On Tue, 02 May 2017 16:44:02 -0600, Robert Hansen <email@example.com> wrote:
> First, that is not what I said, I said that guiding the students through > graphing on a computer does not prepare them for understanding the first > derivative test (or any mathematical concept).
Who said that it did? That's a straw man, Bob. No one claimed to claimed that "guiding students through graphing" produces anything other than graphs. The guidance my students had was in what kind of graphs to examine---not how to draw those graphs. How to get the computer to produce graphs was part of the preparation. One could do this without a computer with a similar effect, but it would take weeks or months instead of an hour or two.
Nor has anyone suggested that preparation isn't necessary. Those are more words you're putting in other people's mouths---another straw man.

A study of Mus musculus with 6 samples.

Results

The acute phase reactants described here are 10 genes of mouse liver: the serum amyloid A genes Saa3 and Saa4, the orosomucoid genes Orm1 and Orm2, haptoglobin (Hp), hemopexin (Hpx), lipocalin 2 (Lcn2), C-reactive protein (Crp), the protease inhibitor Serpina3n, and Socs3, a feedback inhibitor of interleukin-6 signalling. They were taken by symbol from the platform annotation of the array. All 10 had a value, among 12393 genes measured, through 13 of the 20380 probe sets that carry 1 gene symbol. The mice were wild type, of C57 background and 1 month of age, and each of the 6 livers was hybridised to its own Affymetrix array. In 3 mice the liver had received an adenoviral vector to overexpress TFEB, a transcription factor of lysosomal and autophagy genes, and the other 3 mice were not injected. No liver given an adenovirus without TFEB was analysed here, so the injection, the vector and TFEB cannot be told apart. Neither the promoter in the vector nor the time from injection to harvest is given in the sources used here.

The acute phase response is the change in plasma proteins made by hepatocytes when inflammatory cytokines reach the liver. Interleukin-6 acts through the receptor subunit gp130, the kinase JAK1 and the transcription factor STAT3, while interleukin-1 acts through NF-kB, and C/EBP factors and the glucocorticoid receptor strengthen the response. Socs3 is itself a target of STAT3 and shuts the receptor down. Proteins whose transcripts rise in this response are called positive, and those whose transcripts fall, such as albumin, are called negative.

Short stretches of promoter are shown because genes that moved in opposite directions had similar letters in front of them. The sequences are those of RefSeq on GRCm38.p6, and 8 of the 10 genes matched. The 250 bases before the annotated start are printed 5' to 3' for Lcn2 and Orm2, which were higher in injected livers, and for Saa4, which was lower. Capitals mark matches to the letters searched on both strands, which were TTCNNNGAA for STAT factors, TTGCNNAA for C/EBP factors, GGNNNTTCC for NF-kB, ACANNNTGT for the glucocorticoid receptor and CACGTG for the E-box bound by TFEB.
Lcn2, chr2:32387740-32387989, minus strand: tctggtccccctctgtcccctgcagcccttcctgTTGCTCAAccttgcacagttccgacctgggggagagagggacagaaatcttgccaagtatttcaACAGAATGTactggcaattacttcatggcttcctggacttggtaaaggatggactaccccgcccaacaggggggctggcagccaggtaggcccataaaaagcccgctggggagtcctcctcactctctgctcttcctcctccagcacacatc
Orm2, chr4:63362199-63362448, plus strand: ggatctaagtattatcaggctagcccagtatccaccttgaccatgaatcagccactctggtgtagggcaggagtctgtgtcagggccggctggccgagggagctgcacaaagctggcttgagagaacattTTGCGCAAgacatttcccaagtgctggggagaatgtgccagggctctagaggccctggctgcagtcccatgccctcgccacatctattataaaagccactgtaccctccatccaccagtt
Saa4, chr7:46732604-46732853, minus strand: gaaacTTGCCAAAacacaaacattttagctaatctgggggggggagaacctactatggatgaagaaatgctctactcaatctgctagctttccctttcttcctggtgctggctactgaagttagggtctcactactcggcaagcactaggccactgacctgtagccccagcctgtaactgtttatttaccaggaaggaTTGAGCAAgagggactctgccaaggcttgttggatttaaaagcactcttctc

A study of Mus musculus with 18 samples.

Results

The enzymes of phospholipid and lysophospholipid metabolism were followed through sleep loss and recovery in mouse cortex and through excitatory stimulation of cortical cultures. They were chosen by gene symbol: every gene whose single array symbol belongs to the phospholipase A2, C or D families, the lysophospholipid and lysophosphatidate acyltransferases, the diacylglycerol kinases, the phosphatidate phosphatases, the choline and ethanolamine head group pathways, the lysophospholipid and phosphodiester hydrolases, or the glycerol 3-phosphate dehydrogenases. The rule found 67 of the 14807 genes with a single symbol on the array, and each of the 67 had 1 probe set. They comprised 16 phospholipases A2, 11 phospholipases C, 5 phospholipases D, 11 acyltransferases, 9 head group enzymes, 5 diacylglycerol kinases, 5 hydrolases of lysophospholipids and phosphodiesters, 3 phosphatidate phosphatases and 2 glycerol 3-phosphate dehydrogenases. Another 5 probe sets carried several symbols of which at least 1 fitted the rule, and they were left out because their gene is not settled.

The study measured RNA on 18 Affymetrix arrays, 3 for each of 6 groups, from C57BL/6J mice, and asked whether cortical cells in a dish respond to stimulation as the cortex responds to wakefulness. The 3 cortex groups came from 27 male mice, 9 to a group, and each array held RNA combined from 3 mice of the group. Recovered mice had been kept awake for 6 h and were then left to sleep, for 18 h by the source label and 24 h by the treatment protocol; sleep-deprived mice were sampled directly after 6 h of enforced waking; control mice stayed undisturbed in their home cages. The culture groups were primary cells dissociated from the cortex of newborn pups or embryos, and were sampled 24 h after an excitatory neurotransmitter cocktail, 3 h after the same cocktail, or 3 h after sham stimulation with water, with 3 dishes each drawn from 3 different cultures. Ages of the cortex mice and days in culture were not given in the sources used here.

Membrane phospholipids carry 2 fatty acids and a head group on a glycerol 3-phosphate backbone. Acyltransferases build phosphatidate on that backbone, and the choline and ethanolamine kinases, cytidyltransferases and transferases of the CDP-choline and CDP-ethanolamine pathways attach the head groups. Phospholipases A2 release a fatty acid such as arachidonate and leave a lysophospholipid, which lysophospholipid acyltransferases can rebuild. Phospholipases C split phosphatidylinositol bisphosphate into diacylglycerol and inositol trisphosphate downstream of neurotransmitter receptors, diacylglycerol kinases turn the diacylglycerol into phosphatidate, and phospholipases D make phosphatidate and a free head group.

And to head off your next objection, I'll point out that they didn't prove that the First Derivative Test works. We did that later. But that's how mathematics works: First we figure out what we think is true, and then we see if we can prove it---making some adjustments to definitions, hypotheses, and conclusions as necessary. The latter part wasn't needed here, as hypotheses and definitions were already in place because those who did the guiding knew where it was all going.
Why don't we see more of this? Could be because certain troglodytes (I won't mention any names) block progress, thinking that only what they went through can be successful.